Most of the time, pleasant events are harbingers of their opposite. That is, the nicer the experience, the more sharply contrasting is the next difficult one. We understand the notion of “hot” visa via our grasping the concept of “cold.” Accordingly, “virtue” is sometimes comprehended by our having a handle on its antithesis, “iniquity.” Small children realize their life journeys by exclaiming not how puny they are, but by pointing out “how big.”
Think of how we break a glass under each chuppah, how we regard Tish B’Av as heralding the coming of Moshiach, and of how childbirth and labor, the most physically painful and daunting set of experiences a human being can undergo, short of death, results in the most miraculous outcome. We don’t have to understand why challenging circumstances are the most effective sorts of goings on to teach us gratitude, we merely need to appreciate that they do. Consider the following.
During a recent shiva call, unexpectedly, I found myself a fortunate recipient of an abundance of hizach. Whereas I had expected to attend the mourners’ house to comfort those whom had lost a loved one and, perhaps, admittedly, to reunite with some of the other folks I knew from the New World, whom I supposed might show up, I hardly anticipated being gifted with encouragement. I certainly had no idea that support would be given to me by those very folks who had just buried someone dear.
It is most common to encounter raw grief at such situations. Stiff or trembling lips, red or watery eyes, unfocused discourse, and the like, seem to be the human furnishings of such moments. Yet this particular honoring of the dead and comforting of those who added themselves to the mourners of Tzion and Yerushalayim was different from the rest.
The family of the deceased had suffered an incalculable loss as had the generations that streamed from that good soul. I think at least one son in-law, my family’s former rabbi from the States, was at least as distressed as were the daughters and the wife who survived the departed. It’s not at all surprising to witness such shared suffering in a family where Kibud Av V’Em is forefront among mitzvot.
Granted, the moment began ordinarily enough; Computer Cowboy and I entered the building, went up the elevator, and walked into the apartment designated as the place where the mourners would be sitting. Whereas my partner had davened in our old shul whenever he returned to the New World on business, before we crossed that threshold, I had not seen our rebbetzin or her husband for seven years.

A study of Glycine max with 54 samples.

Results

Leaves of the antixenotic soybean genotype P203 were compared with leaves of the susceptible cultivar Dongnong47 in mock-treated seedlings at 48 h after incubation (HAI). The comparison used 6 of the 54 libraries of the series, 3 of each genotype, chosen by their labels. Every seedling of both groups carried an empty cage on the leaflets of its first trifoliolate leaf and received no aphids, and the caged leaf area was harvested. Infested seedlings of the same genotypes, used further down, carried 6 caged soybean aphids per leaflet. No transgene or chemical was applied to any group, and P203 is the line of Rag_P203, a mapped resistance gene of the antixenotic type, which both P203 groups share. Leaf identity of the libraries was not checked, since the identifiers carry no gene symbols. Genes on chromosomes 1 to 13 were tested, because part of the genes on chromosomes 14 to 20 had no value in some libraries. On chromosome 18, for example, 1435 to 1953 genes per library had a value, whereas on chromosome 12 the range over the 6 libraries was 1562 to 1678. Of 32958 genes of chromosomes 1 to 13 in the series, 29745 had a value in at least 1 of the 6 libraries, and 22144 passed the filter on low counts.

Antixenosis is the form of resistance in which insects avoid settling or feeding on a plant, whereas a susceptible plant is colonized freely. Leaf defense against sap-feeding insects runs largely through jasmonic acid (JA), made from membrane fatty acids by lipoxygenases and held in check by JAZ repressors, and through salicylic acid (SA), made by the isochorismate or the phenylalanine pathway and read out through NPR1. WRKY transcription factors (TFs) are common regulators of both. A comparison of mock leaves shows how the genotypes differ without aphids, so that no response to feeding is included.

One of the greatest credits that can be awarded the deceased is for them to be remembered and for their honored ways to be perpetuated by the living. So, I schooled myself not to be shocked when my former rebbetzin, a daughter of the deceased, or her mother, wife of the deceased, acknowledged my husband and my presence as warmly as law, in combination with custom, permits mourners. We had come to hearten these women, yet they spiritually advanced us. Likewise, the other children of the deceased, our former rebbetzin’s sisters, were gracious despite their being hobbled by unimaginable pain.
After words were spoken about the departed, a fine Jew, whom my family had had the merit to meet before we made aliyah, the focus shifted a little. Rather than dwell on loss, the mourners elected to turn our communal attention to appreciation. We were shepherded to concentrating, through talk, on how our respective children were holding (indeed, other former congregants, too, had shown up to pay their respects).
On the one hand, the topic invited the mourners to pass around pictures of the deceased surrounded by his generations. Most of the shared photos were taken at sma’achot such as weddings. I appreciated being able to see how the rabbi and rebbetzin’s children had grown.
On the other hand, the topic became a springboard for the mourners seeking information about us visitors and our families. It was at this point that I began to feel especially blessed. In answering my former rebbetzin, I was given perspective.
So often, I get stuck in the here and now, I get bogged down by fleeting concerns that seem impossibly large when they occur. Yet the tests of my family, once reflected in the mirror of time and space, seemed manageable, even, b’ayin tova, paltry. I had forgotten that my nucleus had faced similar-sized challenges and worse, when living in Hutz l’Aretz. I had forgotten that most people endure such tribulations. I had forgotten how relative experience can be.
I came to comfort mourners, but the mourners reminded me, kindly and indirectly, that I had what to be grateful for. That is, they comforted me. BH, I lack nothing. BH, my family and I live in Israel. BH, I have a family. Everything else is, to some degree or another, superfluous.
Next year, our former rabbi and rebbetzin’s only son and their youngest daughter will be learning here. I hope those kids’ presence in the Holy Land provides me with additional impetus to keep in touch with their lofty parents, that very couple that remains such wonderful teachers.
For now, I need to “suffice” with the knowledge that learning can occur in any situation. I need to “make due” with the reminder that I am fortunate. I need to “get by” with the generous hizach afforded me by a family in mourning.